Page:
The Financial Services and Markets Tribunal has upheld a Financial Services Authority (FSA) case against solicitor Allen Phillip Elliot after finding he is not fit and proper to work in the regulated financial services industry.
The Tribunal says Elliot’s history shows “he is not able and willing to comply with requirements placed upon him by professional rules and obligations” and he was not open and honest in his dealings with regulators.
It adds Elliot “poses a risk to the protection of consumers and a risk to the reputation of the market” and concludes a Prohibition Order is necessary “in order to protect consumers from risk and…to maintain market confidence”.
Elliot is not authorised by the FSA but he operates an unregulated mortgage investment scheme through his company FMD Trustees. He obtains client referrals and introductions from authorised financial advisers who the Tribunal says may be unaware of his history.
The Tribunal has based its decision of the findings of the Solicitors Disciplinary Tribunal (SDT), which in 2002 struck Elliot off the Roll of Solicitors for misconduct primarily arising from his operation of a previous mortgage investment scheme.
The SDT found Elliot had acted in a systematically dishonest manner, involving secret profit and fees adding up to hundreds of thousands of pounds over a period of three years, which were not properly disclosed to clients.
Further, the SDT found marketing information was misleading and Elliot had neither assessed the suitability of the investment recommended for clients’ particular circumstances nor taken reasonable steps to ensure his investor clients understood the nature of the risks involved in his investment scheme.
This is the first FSA case in which the Tribunal has based its decision on the findings of another disciplinary tribunal, and it sets a precedent for the FSA so it can rely on the conclusions of other courts and tribunals when considering whether individuals are fit and proper to undertake regulated activities.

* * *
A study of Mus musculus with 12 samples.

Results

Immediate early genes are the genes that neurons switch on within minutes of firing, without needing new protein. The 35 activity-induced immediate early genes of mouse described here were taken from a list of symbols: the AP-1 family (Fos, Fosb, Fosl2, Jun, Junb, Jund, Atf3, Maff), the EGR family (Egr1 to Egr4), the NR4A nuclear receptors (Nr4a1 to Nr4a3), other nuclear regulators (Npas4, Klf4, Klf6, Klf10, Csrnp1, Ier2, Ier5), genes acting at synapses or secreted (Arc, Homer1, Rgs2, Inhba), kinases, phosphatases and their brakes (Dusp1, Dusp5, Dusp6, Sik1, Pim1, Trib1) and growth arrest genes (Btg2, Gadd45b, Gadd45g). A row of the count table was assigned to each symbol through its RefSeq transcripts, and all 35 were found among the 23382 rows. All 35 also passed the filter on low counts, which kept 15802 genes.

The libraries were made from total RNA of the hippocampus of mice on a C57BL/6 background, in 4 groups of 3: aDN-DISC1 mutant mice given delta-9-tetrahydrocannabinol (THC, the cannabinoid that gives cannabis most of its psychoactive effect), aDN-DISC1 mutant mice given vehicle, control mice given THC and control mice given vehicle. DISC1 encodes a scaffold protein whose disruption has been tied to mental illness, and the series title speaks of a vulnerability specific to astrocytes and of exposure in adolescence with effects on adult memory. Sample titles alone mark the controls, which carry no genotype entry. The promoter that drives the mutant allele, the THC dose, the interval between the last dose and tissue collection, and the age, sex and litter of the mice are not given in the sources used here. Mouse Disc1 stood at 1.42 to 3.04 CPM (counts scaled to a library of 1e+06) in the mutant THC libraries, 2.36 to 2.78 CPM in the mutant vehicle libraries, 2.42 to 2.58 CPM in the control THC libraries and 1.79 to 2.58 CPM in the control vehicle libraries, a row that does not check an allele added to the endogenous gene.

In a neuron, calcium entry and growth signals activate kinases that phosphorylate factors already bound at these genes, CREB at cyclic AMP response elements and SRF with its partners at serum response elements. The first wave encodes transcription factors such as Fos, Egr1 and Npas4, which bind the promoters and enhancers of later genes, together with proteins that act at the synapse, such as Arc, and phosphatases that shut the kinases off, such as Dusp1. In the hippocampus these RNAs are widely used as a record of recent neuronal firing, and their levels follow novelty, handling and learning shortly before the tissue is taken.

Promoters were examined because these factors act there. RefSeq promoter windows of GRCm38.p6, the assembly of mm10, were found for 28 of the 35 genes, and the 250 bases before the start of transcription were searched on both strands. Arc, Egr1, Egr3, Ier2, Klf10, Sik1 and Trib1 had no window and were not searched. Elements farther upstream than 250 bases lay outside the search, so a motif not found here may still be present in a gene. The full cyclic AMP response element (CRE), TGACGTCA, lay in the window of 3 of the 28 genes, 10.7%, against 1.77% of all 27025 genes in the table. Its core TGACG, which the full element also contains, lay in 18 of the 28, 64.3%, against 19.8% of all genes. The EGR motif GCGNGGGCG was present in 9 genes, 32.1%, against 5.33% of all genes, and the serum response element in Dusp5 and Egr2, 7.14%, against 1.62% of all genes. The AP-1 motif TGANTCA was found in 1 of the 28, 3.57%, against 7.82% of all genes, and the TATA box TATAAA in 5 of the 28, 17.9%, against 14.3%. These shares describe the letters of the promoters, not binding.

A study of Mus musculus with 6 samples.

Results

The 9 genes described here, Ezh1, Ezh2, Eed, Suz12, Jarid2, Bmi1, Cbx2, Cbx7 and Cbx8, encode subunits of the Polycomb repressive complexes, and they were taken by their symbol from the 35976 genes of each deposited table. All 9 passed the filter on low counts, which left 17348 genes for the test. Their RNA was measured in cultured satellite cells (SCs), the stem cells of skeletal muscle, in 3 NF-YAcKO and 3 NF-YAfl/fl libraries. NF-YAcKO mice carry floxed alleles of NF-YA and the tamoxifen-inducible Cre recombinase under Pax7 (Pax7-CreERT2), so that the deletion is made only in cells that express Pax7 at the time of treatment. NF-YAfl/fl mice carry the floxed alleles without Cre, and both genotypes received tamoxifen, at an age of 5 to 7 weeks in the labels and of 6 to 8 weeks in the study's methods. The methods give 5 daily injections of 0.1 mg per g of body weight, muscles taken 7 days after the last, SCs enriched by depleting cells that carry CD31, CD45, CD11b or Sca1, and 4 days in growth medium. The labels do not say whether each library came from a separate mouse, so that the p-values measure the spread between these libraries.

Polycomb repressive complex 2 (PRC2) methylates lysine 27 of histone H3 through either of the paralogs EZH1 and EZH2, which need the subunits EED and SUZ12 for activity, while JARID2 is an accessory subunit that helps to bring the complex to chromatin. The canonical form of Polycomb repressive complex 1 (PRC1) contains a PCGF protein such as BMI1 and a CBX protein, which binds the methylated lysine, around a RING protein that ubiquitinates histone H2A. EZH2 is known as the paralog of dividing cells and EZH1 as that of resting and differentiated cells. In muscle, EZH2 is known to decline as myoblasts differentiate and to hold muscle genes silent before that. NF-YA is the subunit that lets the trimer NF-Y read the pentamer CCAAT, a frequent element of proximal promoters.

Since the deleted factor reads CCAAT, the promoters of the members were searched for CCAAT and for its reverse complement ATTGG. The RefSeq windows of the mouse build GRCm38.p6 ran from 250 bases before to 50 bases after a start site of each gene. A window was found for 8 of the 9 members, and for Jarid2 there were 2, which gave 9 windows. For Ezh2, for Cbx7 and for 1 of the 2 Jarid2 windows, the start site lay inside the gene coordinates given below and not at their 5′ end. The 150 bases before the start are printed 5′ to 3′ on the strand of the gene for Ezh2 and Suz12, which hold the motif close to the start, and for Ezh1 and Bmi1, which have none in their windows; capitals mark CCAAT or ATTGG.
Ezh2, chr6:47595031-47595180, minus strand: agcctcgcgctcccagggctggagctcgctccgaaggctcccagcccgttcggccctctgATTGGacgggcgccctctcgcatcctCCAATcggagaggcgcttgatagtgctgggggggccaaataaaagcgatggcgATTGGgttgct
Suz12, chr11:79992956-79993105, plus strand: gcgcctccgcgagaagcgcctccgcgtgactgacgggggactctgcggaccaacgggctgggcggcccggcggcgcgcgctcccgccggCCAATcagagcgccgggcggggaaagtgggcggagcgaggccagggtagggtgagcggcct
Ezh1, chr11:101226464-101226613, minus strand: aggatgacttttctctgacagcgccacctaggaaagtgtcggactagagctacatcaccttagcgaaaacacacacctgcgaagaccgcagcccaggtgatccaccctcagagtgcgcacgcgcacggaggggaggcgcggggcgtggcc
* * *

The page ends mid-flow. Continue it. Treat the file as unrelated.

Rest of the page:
Prior to the SDT decision, Elliot qualified as a solicitor in Queensland, Australia and in 1988 he was found guilty of unprofessional conduct in connection with mortgage-related investment and financial business which he carried on as a solicitor.
In the early 1990s his business failed and Elliot entered into an arrangement with his creditors but he did not comply with the terms of the arrangement and was declared bankrupt in 1995, with losses eventually exceeding Australian $3m.
He then came to the UK and, failing to declare he was an undischarged bankrupt in Australia, was admitted to the Roll of Solicitors for England and Wales.
He entered into private practice as a solicitor but his business consisted almost exclusively of promoting and operating a mortgage investment scheme known as the First Mortgage Debenture (FMD) Monthly Income Plan.
The current scheme, which Elliot operates through his company FMD Trustees, is also called the FMD Monthly Income Plan, but this is a different mortgage investment scheme to the one in which Elliot operated as a solicitor.